What is keyword stuffing on Google Maps?

Keyword stuffing is an attempt to boost rankings by adding popular search terms to the name of a business.  An injury lawyer adding the term Personal Injury to their name, when that isn't part of their legal business name, is keyword stuffing.

What does Google have to say about names on Maps?

Your name should reflect your business’ real-world name, as used consistently on your storefront, website, stationery, and as known to customers. Accurately representing your business name helps customers find your business online.

Unfortunately, there's a pretty strong incentive to stuff keywords into Google My Business names.  The reality is that keyword stuffing works.  In fact, according to a Moz survey, keywords in the GMB name recently surpassed proximity as a search factor.

Are there any risks associated with keyword stuffing?  In a word, yes.  It is against the guidelines, and Google considers it reason enough to suspend a listing.  Spam fighters like @keyserholiday also patrol GMB and report listings.

Reporting keyword stuffing can help legitimate businesses rise in the ranks without resorting to the same tactics.  

How to report keyword stuffing to Google

Keyword stuffing and other issues can be reported directly from the Local Finder. Each listing will display a "Suggest an edit" link.

Suggesting an edit this way will first be subject to an automated approval filter.  In some cases, an edit is approved immediately, but it can also be rejected outright.  Still others go into a pending state that can take weeks to resolve.  Only Google knows all the factors that are considered here, but prior reporting accuracy of the account plays a role.

Suggesting an edit should be the first step in the process.  When edits aren't processed, you can use the Google My Business redressal form.  Redressal form submissions are examined by actual humans, and give you the opportunity to provide more context with your report.

Why don't more local SEO practitioners report spam?

According to a BrightLocal survey, only 23% of respondents spent any time reporting GMB spam.  Those surveyed often mentioned that "tracking or achieving success" was difficult.

The problem, especially when reporting keyword stuffing, is twofold:  listing owners will frequently revert changes almost immediately, and this can happen weeks after the initial report was made.  Constantly checking up on listings is daunting, especially when the issue is dragged out over such a long time frame.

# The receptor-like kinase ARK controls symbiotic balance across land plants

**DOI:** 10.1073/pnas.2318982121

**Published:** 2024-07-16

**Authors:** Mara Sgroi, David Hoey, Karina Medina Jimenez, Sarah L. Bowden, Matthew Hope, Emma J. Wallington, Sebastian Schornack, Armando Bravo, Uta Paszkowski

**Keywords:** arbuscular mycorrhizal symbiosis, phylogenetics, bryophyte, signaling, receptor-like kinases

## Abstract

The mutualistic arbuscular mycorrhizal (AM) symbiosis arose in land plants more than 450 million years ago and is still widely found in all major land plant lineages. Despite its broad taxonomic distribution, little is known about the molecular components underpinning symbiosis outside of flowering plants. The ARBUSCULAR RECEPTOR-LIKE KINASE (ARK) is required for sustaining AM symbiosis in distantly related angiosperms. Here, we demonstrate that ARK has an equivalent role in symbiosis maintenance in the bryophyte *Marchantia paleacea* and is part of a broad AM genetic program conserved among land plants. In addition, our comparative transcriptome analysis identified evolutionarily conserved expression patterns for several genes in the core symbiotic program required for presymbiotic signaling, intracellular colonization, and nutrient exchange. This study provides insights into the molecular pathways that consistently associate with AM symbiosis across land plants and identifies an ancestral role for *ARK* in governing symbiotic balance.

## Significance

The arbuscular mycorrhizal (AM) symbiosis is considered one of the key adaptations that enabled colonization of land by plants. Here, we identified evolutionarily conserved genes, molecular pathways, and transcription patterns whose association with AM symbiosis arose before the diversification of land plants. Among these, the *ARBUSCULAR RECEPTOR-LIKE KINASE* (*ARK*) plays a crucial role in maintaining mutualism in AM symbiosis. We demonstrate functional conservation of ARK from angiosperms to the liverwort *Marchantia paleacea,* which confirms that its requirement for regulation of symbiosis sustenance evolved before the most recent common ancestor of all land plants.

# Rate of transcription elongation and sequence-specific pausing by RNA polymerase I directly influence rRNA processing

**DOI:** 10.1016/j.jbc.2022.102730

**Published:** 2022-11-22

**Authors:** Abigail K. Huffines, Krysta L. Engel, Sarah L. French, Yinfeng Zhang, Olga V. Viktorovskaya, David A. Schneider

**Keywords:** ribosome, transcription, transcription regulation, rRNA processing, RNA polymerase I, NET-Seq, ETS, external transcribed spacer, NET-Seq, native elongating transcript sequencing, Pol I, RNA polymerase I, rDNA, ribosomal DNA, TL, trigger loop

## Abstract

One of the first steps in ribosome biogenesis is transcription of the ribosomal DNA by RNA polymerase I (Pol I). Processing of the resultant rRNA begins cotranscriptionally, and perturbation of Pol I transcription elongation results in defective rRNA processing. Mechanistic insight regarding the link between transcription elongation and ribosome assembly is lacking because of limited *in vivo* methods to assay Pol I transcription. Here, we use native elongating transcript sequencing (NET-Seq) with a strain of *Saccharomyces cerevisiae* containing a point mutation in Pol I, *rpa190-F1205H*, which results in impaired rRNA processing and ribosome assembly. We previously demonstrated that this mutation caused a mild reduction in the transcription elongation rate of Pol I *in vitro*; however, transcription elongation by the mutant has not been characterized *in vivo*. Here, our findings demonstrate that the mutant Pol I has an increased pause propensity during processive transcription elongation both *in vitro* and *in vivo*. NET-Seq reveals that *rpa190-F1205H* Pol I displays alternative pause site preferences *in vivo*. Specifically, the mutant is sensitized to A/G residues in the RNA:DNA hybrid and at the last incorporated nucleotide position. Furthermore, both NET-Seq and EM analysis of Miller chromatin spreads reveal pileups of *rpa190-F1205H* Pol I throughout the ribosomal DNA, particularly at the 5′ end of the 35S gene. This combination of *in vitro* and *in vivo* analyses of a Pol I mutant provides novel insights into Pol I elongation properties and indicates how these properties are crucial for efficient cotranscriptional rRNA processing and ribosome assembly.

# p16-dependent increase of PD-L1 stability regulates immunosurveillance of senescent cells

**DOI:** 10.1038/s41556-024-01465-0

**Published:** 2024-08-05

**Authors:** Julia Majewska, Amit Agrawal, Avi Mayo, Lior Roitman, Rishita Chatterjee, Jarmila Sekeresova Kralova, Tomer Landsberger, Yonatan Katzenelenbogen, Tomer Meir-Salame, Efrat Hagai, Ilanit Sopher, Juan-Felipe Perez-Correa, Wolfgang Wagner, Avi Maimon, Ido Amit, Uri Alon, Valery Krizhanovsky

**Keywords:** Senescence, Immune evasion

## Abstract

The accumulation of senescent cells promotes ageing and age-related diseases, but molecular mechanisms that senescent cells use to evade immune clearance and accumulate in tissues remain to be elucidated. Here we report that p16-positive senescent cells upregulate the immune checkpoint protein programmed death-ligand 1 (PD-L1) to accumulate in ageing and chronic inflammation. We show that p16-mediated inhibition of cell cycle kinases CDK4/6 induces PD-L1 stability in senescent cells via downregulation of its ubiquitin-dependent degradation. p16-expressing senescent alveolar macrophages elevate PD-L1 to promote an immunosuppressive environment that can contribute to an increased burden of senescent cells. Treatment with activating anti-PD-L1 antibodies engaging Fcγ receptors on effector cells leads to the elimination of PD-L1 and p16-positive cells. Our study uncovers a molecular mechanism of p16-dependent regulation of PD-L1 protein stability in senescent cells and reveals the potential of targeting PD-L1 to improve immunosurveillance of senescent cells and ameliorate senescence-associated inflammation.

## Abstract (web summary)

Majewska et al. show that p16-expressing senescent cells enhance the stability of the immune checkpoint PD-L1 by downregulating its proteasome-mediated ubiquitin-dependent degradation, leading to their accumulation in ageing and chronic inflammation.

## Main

Reporting spam can start to feel like a Sisyphean task.

An automated way to track spam reporting

How can we keep track of what edits are applied, and whether they are reverted? Manually trawling through Maps is time consuming, and using the Google API is an expensive proposition.

The Persuaded.io API can make tracking listings easier.   If you don't want to work with an API, you can try out the Google Sheets version of the keyword stuffing tracker. The sheet accepts a list of CID values, and fetches the latest listing names with the press of a button.

To use the sheet, you'll first need to make a copy for yourself.  After inserting your API key, pressing the Scan Places button will fetch the latest name seen for each of the GMB listings.

To use your app.persuaded.io API key, head to the Account tab, and copy the number listed beneath the API key header.  Once the key is copied into the sheet, you should be ready to start scanning CIDs.

Any name that has gotten longer since the last scan will be highlighted in red, indicating that keywords might have been stuffed into the name.

To get started, you can make a copy the Google Sheet.  Once that's done, and you've filled in a list of your own CID(s), click the Scan Places button.  Doing so will bring up an authorization window to ask if you're OK with running the script.

The script itself is very simple.

function scanPlaces() {
    var ui = SpreadsheetApp.getUi();
  
    var apiSheet = SpreadsheetApp.getActive().getSheetByName("API Key");
    var placeSheet = SpreadsheetApp.getActive().getSheetByName("Places");

    var data = apiSheet.getDataRange().getValues();
    var apiKey = data[0][1];
  
    var places = placeSheet.getDataRange().getValues();    
    
    var options = {method: "post", contentType: "application/json"};
    options.payload = JSON.stringify(places.slice(1).map(row => row[0]));

    var response = UrlFetchApp.fetch("https://app.persuaded.io/api/locations/names/?api_key=" + apiKey, options);
    var responseData = JSON.parse(response.getContentText());
  
    places[0].push(Intl.DateTimeFormat("en-US").format(new Date()));
    for (var i = 0; i < responseData.length; i++) {
      var row = places[i + 1];
      row.push(responseData[i]);
      
      if (row.length > 2) {
        if (row[row.length - 2].length < row[row.length - 1].length) {
           placeSheet.getRange(i + 2, row.length).setBackground("red");
        }
      }
    }
    placeSheet.getRange(1, 1, places.length, places[0].length).setValues(places);
}

How to get the CID number for a Maps listing

There are a number of ways to get CID numbers for a GMB listing.  One of the easier ways to grab them in bulk is through the Persuaded.io app, using the export function.

First perform a keyword scan around the area you're interested in.  Once the results have loaded, wait 2 to 3 minutes for the "details" scan to populate.  You'll know the results are ready when the primary category has loaded for each listing.

Click the download icon in the top right corner, and you'll receive a spreadsheet containing all of the locations, with details such as their CID number included.

There are also Chrome extensions that will display CID, such as the Company Information extension by Tom Waddington.